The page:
China’s Huawei Technologies presented its latest flagship smartphone on Wednesday, featuring a dual-lens camera co-engineered with Germany’s Leica that it hopes will set it apart from all the other Android devices on the market.
The P9, Huawei’s flagship device, is the first result of the tie-up between the world’s third biggest smartphone maker and Leica Camera AG, a 102-year-old firm whose cameras have shot some of the most famous images in the history of photography.
Huawei said consumers were increasingly focused on the photographic capability of smartphones, and the company wanted to partner the best in the field.
“Leica is the leading, premium iconic brand in cameras,” Richard Yu, chief executive of Huawei Consumer Business Group, said at a launch event in London.
Get Data Sheet, Fortune’s technology newsletter.
The dual-lens 12 megapixel camera on the rear of the device separately captures monochrome and colour images, and combines them to create more detail, depth and brighter colours than rival single lens cameras, he said.
Leica said the collaboration went far beyond just branding, with the two companies working together on lenses and image processing technology.
“A lot of people would like to have our red dot and put it on their product,” said Leica’s Chief Executive Oliver Kaltner.
“This is not what we are. We are the centre of optical excellence worldwide, and we should take advantage of that knowledge.”
Photography dominated the event as professional snappers including Mary McCartney and David Guttenfelder from National Geographic took to the stage to show what the device could do.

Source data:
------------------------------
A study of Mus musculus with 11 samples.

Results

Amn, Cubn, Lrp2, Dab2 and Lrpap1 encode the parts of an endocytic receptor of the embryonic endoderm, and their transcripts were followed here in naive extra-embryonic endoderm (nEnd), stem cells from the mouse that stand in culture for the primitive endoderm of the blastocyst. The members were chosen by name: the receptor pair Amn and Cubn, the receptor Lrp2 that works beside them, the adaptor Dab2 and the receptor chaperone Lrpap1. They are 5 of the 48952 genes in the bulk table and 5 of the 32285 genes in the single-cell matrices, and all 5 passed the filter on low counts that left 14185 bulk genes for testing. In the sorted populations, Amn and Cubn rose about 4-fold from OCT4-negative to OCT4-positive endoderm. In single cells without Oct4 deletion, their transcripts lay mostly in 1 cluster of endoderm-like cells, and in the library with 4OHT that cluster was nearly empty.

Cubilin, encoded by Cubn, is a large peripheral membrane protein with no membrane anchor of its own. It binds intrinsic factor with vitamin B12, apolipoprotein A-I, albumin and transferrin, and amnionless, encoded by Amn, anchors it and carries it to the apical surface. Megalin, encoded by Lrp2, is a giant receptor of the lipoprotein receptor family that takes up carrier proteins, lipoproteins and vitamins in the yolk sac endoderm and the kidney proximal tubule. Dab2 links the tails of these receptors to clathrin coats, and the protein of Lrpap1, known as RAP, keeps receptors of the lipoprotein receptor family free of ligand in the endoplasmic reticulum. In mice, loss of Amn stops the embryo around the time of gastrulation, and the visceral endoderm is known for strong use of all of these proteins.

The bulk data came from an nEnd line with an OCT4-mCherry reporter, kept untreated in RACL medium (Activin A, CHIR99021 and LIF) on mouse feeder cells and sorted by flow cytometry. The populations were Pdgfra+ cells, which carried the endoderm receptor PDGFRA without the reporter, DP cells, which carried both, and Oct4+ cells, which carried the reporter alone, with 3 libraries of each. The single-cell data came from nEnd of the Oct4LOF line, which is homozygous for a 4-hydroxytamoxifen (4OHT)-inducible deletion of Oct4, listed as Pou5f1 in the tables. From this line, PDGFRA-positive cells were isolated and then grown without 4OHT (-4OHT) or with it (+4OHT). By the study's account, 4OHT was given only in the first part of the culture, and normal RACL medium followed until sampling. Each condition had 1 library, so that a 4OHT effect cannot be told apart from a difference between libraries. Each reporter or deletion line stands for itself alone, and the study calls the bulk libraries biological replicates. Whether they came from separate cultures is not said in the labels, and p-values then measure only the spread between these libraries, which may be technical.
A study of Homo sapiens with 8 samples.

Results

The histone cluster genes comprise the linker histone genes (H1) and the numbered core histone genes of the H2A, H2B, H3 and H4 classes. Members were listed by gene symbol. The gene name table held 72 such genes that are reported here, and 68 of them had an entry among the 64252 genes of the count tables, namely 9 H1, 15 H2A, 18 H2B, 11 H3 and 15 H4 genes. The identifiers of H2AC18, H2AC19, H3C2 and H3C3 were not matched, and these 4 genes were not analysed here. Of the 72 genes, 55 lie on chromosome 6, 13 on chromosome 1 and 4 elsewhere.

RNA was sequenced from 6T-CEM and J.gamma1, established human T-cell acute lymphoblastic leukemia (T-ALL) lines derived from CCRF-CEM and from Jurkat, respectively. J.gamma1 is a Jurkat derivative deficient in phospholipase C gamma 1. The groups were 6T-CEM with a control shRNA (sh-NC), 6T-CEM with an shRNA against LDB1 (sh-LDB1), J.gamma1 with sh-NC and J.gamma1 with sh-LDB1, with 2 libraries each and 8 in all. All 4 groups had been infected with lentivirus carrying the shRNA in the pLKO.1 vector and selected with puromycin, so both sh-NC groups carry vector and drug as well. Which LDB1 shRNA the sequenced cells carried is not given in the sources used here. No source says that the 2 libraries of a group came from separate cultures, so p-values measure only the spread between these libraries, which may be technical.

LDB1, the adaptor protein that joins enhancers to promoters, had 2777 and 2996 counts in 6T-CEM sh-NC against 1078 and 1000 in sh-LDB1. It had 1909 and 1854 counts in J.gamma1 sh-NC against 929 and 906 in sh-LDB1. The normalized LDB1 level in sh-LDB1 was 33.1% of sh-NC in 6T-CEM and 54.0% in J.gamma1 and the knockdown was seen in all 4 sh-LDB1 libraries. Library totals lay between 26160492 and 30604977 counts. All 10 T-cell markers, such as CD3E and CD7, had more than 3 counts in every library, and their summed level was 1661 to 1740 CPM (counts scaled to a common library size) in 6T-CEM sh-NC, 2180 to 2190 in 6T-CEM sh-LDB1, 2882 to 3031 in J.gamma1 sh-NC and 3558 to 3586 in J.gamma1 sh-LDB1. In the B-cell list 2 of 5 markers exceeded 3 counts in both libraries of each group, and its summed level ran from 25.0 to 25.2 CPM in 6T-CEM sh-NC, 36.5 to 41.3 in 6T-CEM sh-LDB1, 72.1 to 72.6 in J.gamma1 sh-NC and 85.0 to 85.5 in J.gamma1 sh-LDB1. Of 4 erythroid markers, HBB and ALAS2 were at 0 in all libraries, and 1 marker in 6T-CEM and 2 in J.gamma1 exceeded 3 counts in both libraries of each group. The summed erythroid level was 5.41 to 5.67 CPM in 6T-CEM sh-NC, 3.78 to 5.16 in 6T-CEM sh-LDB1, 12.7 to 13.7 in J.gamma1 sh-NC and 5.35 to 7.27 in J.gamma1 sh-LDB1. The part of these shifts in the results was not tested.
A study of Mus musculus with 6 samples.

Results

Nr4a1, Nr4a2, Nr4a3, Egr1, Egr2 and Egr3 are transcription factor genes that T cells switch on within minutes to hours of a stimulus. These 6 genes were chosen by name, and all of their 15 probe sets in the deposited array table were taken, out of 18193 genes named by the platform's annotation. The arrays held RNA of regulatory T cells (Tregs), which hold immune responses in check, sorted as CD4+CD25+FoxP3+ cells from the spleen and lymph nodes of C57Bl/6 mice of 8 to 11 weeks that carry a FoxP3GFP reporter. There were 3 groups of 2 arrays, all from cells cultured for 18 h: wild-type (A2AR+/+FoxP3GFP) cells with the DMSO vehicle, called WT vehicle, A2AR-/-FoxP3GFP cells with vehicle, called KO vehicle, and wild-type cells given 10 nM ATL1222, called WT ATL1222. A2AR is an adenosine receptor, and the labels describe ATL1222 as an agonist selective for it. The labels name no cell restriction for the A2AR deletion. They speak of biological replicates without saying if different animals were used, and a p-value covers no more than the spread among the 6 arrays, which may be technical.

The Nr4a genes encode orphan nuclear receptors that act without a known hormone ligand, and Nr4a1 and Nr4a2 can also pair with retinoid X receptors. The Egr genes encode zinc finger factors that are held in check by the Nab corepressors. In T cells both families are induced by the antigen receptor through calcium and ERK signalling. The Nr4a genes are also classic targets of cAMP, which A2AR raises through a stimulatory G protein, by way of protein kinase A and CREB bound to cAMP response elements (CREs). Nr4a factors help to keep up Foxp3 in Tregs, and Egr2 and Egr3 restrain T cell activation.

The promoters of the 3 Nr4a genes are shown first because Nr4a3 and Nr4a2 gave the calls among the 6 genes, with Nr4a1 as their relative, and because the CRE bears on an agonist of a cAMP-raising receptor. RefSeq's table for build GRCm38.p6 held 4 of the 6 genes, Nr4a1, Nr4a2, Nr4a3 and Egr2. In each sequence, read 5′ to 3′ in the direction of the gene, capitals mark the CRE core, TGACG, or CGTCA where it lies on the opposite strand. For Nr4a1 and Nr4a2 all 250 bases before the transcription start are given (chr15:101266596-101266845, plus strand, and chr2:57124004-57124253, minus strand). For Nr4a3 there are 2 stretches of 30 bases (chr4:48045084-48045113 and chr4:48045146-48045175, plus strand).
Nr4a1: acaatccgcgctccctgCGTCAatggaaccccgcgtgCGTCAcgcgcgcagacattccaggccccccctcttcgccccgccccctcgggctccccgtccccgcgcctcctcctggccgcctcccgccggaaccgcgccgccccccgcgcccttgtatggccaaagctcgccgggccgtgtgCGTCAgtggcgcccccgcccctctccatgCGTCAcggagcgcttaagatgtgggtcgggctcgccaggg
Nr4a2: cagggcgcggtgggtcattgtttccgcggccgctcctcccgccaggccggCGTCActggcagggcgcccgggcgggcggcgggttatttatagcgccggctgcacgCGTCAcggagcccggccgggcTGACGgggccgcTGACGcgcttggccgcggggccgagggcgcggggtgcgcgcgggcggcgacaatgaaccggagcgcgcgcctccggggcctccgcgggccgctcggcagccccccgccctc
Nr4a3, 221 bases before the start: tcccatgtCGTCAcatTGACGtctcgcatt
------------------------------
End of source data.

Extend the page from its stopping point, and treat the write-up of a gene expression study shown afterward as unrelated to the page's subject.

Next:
For more about smartphones, watch:
There was little fanfare for other features, like a 5.2 inch display and Android 6.0 operating system, that are largely in line with launches from rivals such as Samsung and Xiaomi.
The P9 will be available in 29 countries from April 16, priced from 599 euros ($684), the company said.
Roberta Cozza, research director at Gartner, said Huawei’s technology was “great” but the company needed to innovate in areas like software to become a trend setter.
“They need users to pick the brand or upgrade within the brand from maybe a mid-tier, and the more they go into the premium end, the more they have to stand out as an overall experience,” she said.
Huawei, which leads the pack of Chinese smartphone makers, however is confident the P9 will help it gain ground on market leader in terms of volume Samsung and second-placed Apple.
It became the first Chinese company to ship more than 100 million smartphones, recording a 44 percent jump in devices to 108 million last year.
“We have the chance to be number two within two to three years, with market share of over 20 percent,” Yu said. “We have the chance to be number one in less than five years.”